Walk the Blue Fields

4 Reviews
A long haired woman moves into the priest's house and sets fire to his furniture. That Christmas, the electricity goes out. A forester mortgages his land and goes off to a seaside town looking for a wife. He finds a woman eating alone in the hotel. A farmer wakes half naked and realises the money is almost gone. A Harvard student flies south to celebrate his birthday at his step-father's condominium by the sea. While the scent of hay drifts up from neighbouring fields, a teenage immigrant articulates the reason for her going. And in the title story, a priest waits on the altar for a bride and battles, all that wedding day, with his memories of a love affair.

In her long-awaited second collection, Claire Keegan observes an Ireland wrestling with its past, and it is against this landscape that the stories of Walk the Blue Fields so beautifully articulate all the yearnings of the human heart.


User Review  - patronus11 - LibraryThing

What is it with the Irish and writing? Keegan is yet another excellent Irish storyteller, and I think she's a major talent in the making. Concerned with ordinary family life, these stories tend to be ... Read full review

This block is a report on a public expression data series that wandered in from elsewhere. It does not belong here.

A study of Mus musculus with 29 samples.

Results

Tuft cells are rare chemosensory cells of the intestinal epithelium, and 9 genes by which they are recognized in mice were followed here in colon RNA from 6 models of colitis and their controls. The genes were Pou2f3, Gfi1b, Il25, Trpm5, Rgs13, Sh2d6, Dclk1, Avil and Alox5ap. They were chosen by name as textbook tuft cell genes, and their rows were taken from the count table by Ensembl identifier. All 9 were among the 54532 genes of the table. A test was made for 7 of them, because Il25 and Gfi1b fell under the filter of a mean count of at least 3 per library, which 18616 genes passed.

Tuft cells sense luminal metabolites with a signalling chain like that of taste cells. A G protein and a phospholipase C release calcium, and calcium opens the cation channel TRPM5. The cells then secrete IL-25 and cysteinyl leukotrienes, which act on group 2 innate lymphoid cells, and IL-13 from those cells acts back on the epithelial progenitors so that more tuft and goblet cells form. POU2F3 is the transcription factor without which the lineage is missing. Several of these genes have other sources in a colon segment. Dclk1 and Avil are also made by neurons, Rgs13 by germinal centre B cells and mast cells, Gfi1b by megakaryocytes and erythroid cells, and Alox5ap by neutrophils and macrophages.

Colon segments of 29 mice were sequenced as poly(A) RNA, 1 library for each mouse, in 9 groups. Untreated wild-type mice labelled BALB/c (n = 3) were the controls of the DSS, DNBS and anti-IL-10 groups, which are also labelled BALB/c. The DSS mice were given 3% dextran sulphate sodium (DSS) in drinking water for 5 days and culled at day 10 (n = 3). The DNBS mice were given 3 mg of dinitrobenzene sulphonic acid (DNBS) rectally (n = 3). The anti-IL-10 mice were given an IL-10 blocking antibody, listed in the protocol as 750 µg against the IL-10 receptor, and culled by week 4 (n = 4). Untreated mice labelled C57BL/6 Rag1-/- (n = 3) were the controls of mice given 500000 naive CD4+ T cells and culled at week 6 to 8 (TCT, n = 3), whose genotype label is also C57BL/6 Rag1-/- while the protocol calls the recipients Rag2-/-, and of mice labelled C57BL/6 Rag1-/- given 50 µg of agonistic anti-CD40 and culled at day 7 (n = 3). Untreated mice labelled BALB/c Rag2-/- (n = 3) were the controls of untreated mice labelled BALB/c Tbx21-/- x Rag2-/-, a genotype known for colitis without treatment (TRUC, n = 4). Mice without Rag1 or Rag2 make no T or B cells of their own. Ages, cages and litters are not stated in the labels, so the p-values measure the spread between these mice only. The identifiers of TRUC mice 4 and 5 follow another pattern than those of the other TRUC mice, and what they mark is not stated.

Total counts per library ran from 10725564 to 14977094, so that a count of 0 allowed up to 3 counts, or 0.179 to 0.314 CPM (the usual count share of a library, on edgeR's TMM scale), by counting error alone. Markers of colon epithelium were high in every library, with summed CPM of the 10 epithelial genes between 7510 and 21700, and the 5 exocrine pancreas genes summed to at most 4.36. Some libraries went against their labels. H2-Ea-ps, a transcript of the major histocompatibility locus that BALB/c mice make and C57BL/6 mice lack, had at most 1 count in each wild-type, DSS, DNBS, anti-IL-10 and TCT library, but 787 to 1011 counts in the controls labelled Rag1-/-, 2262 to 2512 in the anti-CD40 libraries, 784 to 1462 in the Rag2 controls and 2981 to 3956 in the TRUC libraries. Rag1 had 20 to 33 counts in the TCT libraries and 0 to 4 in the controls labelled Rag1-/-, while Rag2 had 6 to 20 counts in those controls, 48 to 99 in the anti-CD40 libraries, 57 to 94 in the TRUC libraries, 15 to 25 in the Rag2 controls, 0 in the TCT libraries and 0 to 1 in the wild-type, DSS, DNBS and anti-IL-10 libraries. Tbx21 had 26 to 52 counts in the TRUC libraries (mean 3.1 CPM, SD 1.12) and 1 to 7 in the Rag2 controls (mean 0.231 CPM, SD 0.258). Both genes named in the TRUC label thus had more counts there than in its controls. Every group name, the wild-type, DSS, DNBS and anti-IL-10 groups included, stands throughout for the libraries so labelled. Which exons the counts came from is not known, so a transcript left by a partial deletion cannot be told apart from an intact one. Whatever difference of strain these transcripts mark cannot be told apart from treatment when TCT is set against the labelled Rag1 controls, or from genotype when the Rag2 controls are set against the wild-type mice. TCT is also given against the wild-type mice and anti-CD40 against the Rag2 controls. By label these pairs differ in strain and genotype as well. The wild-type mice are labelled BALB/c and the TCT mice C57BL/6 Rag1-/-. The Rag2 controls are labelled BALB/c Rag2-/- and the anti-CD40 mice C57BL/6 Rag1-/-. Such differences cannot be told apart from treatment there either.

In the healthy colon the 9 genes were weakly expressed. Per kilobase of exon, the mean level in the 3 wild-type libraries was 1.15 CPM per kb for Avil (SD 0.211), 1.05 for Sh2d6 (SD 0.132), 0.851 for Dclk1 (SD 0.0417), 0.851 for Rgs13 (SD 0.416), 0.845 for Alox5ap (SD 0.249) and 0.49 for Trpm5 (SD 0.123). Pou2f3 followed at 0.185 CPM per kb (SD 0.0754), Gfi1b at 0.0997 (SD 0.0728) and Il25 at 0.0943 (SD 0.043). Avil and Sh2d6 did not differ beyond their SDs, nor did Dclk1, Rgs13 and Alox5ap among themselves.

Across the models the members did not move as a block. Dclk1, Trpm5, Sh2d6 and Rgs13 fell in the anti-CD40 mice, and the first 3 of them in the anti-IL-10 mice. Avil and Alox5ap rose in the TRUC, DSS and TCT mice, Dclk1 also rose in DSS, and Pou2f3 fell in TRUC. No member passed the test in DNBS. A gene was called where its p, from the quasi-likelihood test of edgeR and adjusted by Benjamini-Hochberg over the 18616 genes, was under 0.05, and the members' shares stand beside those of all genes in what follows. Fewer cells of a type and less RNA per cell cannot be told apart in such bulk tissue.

LibraryThing Review

User Review  - mackthefinger - LibraryThing

Beautifully crafted collection of short stories, mostly set in rural Ireland. Some of them have a gothic strangeness about them (the forresters daughter) whilst others (the surrender) are more in the ... Read full review


Claire Keegan was born in 1968 and grew up on a farm in Wicklow. Her first collection of short stories, Antarctica, was completed in 1998. It announced her as an exceptionally gifted and versatile writer of contemporary fiction and was awarded the Rooney Prize for Literature. Her second short story collection, Walk the Blue Fields, was published to enormous critical acclaim in 2007 and won her the 2008 Edge Hill Prize for Short Stories. Claire Keegan lives in County Wexford, Ireland.